Thursday, March 2, 2005

Restoration progressing

Staff Writer

The pace is picking up on the restoration of the Marshall County Historical Museum now that deteriorated portions of the back and side walls and supplanting foundation blocks are in place to stabilize the building, according to Bill Kivelle, a county consultant.

When work is completed on this phase of the project the building should be good for another 100 years, he said.

“We have had good support from the county, the architect and the engineers,” he said. “There is so much that has to be done before you can even take it apart.”

What Kivelle meant was that temporary supporting walls had to be built to stabilize the building before the deteriorating outside walls could be removed, new foundation blocks set and floor joists repaired. Most of the work on the 100-year-old building is not visible from the street. Exterior insulation is mostly up and the building will soon be in the dry, he said.

Other things are being built in so that future improvements can be made to the structure, according to Larry Hall, county administrator.

All three floors have outside doorways on the back of the structure so that when funds for an elevator are available, one can be added to make the building accessible for those who cannot take the stairs.

“We will have a foundation for a mechanical room and elevator pit and heat and air,” Hall said.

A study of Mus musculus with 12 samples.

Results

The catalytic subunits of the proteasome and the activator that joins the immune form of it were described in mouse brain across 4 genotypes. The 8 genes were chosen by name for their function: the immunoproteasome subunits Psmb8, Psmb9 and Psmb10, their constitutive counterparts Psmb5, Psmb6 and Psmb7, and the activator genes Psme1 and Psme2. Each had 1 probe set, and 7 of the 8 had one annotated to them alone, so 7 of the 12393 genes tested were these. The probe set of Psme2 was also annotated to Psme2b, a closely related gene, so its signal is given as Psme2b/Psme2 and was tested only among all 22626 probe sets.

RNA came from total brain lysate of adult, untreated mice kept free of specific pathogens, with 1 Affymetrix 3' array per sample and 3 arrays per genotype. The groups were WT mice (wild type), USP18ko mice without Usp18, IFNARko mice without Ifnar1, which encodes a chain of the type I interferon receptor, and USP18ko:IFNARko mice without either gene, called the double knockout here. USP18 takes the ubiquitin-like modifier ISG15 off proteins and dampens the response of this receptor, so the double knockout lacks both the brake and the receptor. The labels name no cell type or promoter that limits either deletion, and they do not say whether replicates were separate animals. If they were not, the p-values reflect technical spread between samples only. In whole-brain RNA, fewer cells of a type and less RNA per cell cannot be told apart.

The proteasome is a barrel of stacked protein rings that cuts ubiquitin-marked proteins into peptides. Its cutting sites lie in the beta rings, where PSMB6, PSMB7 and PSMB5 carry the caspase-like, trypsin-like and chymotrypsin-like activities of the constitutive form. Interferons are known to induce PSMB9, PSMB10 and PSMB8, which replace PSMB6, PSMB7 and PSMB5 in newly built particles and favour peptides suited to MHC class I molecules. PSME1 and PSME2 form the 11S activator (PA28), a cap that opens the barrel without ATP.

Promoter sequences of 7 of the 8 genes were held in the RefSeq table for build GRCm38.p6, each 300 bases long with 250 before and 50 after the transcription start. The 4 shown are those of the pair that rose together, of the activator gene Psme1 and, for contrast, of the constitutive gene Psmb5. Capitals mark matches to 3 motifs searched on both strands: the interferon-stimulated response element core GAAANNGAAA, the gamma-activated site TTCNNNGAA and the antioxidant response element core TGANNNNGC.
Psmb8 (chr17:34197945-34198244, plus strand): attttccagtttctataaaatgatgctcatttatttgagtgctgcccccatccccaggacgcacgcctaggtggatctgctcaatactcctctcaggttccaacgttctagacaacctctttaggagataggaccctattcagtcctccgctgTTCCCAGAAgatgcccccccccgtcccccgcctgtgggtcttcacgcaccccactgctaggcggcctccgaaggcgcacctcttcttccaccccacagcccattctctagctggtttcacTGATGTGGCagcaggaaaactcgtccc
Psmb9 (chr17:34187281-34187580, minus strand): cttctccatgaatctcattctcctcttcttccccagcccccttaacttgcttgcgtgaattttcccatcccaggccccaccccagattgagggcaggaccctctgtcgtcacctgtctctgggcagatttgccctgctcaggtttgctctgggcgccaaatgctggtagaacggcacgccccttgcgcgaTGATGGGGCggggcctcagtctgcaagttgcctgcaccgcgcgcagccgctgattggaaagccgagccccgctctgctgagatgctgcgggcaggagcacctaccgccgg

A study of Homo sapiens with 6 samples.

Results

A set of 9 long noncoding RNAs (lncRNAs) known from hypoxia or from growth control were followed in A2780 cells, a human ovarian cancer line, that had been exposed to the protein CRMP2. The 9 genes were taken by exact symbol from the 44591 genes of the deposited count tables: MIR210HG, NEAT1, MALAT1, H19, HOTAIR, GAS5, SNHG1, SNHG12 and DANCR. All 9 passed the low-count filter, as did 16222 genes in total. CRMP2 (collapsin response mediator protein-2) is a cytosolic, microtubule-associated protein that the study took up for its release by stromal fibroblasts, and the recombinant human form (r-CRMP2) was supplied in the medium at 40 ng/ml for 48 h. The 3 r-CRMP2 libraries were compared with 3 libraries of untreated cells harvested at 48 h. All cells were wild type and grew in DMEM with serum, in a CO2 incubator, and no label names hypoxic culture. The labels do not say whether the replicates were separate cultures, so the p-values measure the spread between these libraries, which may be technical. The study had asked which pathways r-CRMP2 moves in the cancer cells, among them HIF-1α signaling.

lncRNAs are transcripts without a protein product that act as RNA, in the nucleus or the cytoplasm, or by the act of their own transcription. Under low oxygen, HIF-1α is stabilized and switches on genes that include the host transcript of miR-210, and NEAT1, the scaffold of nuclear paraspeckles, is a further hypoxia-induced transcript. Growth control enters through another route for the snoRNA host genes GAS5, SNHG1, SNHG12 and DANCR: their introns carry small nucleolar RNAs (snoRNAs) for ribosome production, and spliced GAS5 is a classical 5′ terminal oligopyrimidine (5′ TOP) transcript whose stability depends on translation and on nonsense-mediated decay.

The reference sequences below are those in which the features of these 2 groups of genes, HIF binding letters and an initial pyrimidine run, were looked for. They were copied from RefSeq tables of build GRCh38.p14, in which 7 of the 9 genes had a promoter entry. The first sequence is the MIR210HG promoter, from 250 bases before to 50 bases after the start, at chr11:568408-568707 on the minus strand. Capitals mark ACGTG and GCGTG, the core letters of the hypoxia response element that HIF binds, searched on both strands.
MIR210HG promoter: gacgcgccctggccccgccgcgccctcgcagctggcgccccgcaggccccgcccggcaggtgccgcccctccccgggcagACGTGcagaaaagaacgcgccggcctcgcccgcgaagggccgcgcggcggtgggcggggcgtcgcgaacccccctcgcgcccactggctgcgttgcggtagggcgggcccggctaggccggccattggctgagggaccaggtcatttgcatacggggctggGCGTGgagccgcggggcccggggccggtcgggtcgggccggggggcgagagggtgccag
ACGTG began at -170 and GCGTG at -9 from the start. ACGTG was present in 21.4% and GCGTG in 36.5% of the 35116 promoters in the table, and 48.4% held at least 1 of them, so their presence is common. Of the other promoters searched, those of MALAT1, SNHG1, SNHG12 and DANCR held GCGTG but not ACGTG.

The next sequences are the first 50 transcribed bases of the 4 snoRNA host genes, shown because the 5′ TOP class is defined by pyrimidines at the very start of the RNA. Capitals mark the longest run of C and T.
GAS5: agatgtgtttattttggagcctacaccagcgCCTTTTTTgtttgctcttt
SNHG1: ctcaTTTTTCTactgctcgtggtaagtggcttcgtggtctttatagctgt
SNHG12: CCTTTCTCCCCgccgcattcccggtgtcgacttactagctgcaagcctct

County workers have been helping provide in-kind work for the project, including demolition and painting that will be done once the interior walls are repaired.

“They are thinking ahead and using funds as wisely as can be, here,” Kivelle said.

He said portions of the back and east walls were never intended to be outside walls. When portions of the building were demolished for progress, the portions of two interior walls became outside ones, he said. These walls had no face brick after the older sections were removed. The exposed red brick sucked up moisture and the mortar and brick softened over the years causing the walls to crack and crumble. Further damage to the building, the edges of the roof and some inside wood, was caused because the enclosed gutters rusted. And termite damage has also to be repaired.

About four feet of the roof will be peeled back and all the deteriorated wood removed and replaced, he said. Rainwater afterward will shed off the roof instead of routing it through gutters.

Kivelle said the county and the city have an obligation to keep historic structures intact.

“You can’t go buy that anywhere,” he said, pointing to historic homes and buildings in downtown. “We’ve got a rich history here and as people of Marshall County, we’ve got to take care of it. Larry Hall is doing a great job with this.”

Kivelle took the history, or lore, a little further to make a point.

“Gen. Grant propped his feet upon the courthouse rail, lit a cigar and took a shot of whiskey,” he said. “If he got tired of one house, he just picked him out another one. Where can you get history like that?”

The restoration of the Marshall County Historical Museum is being paid for with funds from the Mississippi Department of Archives and History. Grinder Building of Memphis is the general contractor.